Welcome to my site, my name is Jess Indaja. I was diagnosed with type 2 diabetes after struggling with my weight throughout my teen years and adulthood. My doctor informed me about all of the dangers associated with my diet and exercise habits. I was encouraged to change the way I ate and moved in an effort to reverse my blood sugar problem. I made the changes, but still struggle with controlling my blood sugar. After going through this trying situation, I decided to make a site that may help others with problems associated with type 2 diabetes. I will discuss diagnostic procedures, treatments and medical research concerning this disease. I hope you visit often and learn all you can to control your type 2 diabetes or help others with this condition.

Learning About Diabetes Diagnosis, Treatment and Research

Clearing Dirt And Debris From Behind The Ear Hearing Aid

by Carla Hudson

If you have a behind the ear type of hearing aid, then you may notice that the device builds with debris over time. You do not want this debris interfering with the function of the unit, so it is best to learn how to remove it properly. Keep reading to learn how while maintaining hearing aid function. 

Wash The Ear Mold

You obviously do not want the electronic parts of the hearing aid to come into contact with water of any kind. This is one reason why it is wise to use a clean cloth to gently wipe the microphone and amplifier part of the unit that sits behind the ear. A microfiber cloth works well for this. When it comes to the silicone mold that sits inside your ear, you likely need a bit more cleaning power, and since the mold is waterproof and contains no electronics, you can use water to complete your cleaning.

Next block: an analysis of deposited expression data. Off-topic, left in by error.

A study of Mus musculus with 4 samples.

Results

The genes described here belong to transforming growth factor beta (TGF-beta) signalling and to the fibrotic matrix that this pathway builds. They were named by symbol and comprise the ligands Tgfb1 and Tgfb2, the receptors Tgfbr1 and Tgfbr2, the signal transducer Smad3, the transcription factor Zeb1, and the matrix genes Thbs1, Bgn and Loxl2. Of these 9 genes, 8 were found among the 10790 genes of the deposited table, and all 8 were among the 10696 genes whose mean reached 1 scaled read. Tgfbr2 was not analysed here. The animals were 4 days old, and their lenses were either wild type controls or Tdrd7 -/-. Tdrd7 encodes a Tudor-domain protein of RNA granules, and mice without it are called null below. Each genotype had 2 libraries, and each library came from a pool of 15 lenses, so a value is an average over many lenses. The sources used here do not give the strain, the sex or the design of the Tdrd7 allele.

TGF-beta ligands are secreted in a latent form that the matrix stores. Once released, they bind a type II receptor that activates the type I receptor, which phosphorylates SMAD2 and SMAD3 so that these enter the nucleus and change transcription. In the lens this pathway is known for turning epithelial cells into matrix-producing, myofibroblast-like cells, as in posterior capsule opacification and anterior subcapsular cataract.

You need to remove the ear mold from the unit first. Consider removing one mold at a time, so you do not get them confused. Release the mold from the top hook part first by releasing the tube. Use mild dish soap to remove debris and then rinse the entire mold and tube portion of the unit with warm water. Use a cloth to dry the mold and tube completely before reconnecting these parts. 

You also may want to make sure that no water remains in the tube, so gently blow through it to force the fluid out. 

Clean The Tube

If the tube itself is congested with debris, then you may need to clean this part of the aid separately. This tube does release from the behind the ear base and from the ear mold. You can gently pull the tube away from both of these parts. You will need to purchase a special cleaning tool at this time that is made to clear out the tube. A hearing aid cleaning wire, or a polyetylene tube declogger tool will work for this. Keep in mind that the cleaning wire will often have tufts on the end to help with the removal of debris, much like a pipe cleaner, so this tool may be best if there is a noticeable amount of material in each tube.

Gently work the cleaning through the small tube. When you get to the end of the tube, use a clean cloth to wipe debris from the exposed end of the device. Pull the tool back through, clean the instrument, and reattach your tube to the main hearing aid.